Why Aerobic Exercise May Play a Role in the Prevention of Alzheimer’s Disease

Alzheimer's disease

Alzheimer’s disease is one of the current leading causes of death according to the Alzheimer’s Association, and the statistic of 5.5 million Americans currently affected by Alzheimer’s disease is expected to triple by 2050. A fresh meta-analysis performed by researchers reveals that aerobic exercise may play a role in preventing the onset of Alzheimer’s disease.


The researchers’ findings showed that the adults who participated in aerobics alone had three times the level of cognitive improvement compared to those who participated in both combined strength training exercise and aerobic training. Regardless of what exercise training program the adults were involved in, all experienced small improvements opposed to those whose cognitive function declined as a result of not exercising at all. Clearly, any and all exercise has the potential to reverse cognitive decline.

Aerobic Exercise

Researchers concluded that aerobic exercise was the most effective form of exercise to preserve and improve the cognitive function of older adults, but they also noted that further research would be necessary to corroborate their findings. “Our meta-analysis is the first to suggest that aerobic exercise may be more effective than other types of exercise in preserving the cognitive health of older adults at risk of or who have AD,” the study authors wrote. Their meta-analysis was published in the Journal of the American Geriatrics Society.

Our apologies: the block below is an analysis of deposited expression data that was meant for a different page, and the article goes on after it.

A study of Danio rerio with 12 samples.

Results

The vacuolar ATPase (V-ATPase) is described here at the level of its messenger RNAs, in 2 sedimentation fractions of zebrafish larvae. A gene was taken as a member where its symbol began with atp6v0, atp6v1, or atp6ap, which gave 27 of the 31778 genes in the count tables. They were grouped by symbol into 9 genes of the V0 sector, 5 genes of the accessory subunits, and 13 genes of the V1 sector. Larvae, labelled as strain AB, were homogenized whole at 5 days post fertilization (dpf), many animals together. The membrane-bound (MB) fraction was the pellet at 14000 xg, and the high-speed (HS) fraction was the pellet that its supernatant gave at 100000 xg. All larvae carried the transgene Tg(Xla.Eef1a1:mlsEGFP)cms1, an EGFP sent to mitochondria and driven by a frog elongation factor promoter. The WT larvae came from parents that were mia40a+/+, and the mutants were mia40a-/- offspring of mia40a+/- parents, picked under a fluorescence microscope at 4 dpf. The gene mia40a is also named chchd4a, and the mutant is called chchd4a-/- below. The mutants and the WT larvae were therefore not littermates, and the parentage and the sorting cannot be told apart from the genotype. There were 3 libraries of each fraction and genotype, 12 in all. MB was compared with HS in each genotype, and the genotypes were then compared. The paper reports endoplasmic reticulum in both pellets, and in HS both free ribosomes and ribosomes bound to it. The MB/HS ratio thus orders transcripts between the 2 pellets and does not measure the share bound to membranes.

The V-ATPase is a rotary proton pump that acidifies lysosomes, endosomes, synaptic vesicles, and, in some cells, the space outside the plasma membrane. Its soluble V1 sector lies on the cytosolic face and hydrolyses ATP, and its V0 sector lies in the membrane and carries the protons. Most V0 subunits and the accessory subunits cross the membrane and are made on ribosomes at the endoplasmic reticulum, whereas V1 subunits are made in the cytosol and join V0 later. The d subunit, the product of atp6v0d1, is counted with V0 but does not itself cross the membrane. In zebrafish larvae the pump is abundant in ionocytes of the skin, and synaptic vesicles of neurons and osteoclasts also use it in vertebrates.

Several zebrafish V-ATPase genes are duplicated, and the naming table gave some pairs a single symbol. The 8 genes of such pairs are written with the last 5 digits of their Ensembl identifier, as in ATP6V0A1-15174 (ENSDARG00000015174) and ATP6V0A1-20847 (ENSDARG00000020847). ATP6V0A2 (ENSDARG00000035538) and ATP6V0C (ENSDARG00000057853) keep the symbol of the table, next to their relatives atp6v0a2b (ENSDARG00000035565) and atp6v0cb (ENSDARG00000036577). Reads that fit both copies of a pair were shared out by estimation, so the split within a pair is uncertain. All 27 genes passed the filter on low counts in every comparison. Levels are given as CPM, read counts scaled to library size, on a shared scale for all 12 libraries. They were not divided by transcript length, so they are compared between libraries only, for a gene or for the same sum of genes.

The conclusion of this meta-analysis is similar to findings from a study published in JAMA Neurology on the ability of high intense exercise to slow the progression of Parkinson’s disease, another neurodegenerative disorder. You can read my article covering it here.


Aerobic exercise isn’t only good for your brain, according to Mayo Clinic. Some of the other health benefits of aerobic exercise include:

• Longer life
• Mental clarity
• Reduced anxiety and increased mood boosts
• Lowers bad cholesterol (LDL) and boosts good cholesterol (HDL)
• A stronger heart
• Stamina
• Reduced fatigue
• Weight loss
• A stronger immune system

Not only does aerobic exercise give you multiple health benefits, but it also reduces your risk of other diseases like obesity, heart disease, high blood pressure, type 2 diabetes, metabolic syndrome, strokes, and cancer. Aerobic exercise, like all forms of exercise, directly improves your quality of life.

Conclusion

The statistics for Alzheimer’s disease are expected to triple by 2050, indicating impending disaster for the brains of Americans nation-wide. Aerobic exercise is a safe and effective form of prevention you can undertake today to potentially lower your risk for Alzheimer’s disease. Science continues to show us that food, exercise, sleep, and a variety of other factors are all involved in the prevention of Alzheimer’s disease.

Check out these other great articles by EMaxHealth: 10 Health Benefits of Royal Jelly and Why It May Be A Treatment for Alzheimer's Disease and How Sleep Apnea Increases Your Risk of Alzheimer's Disease.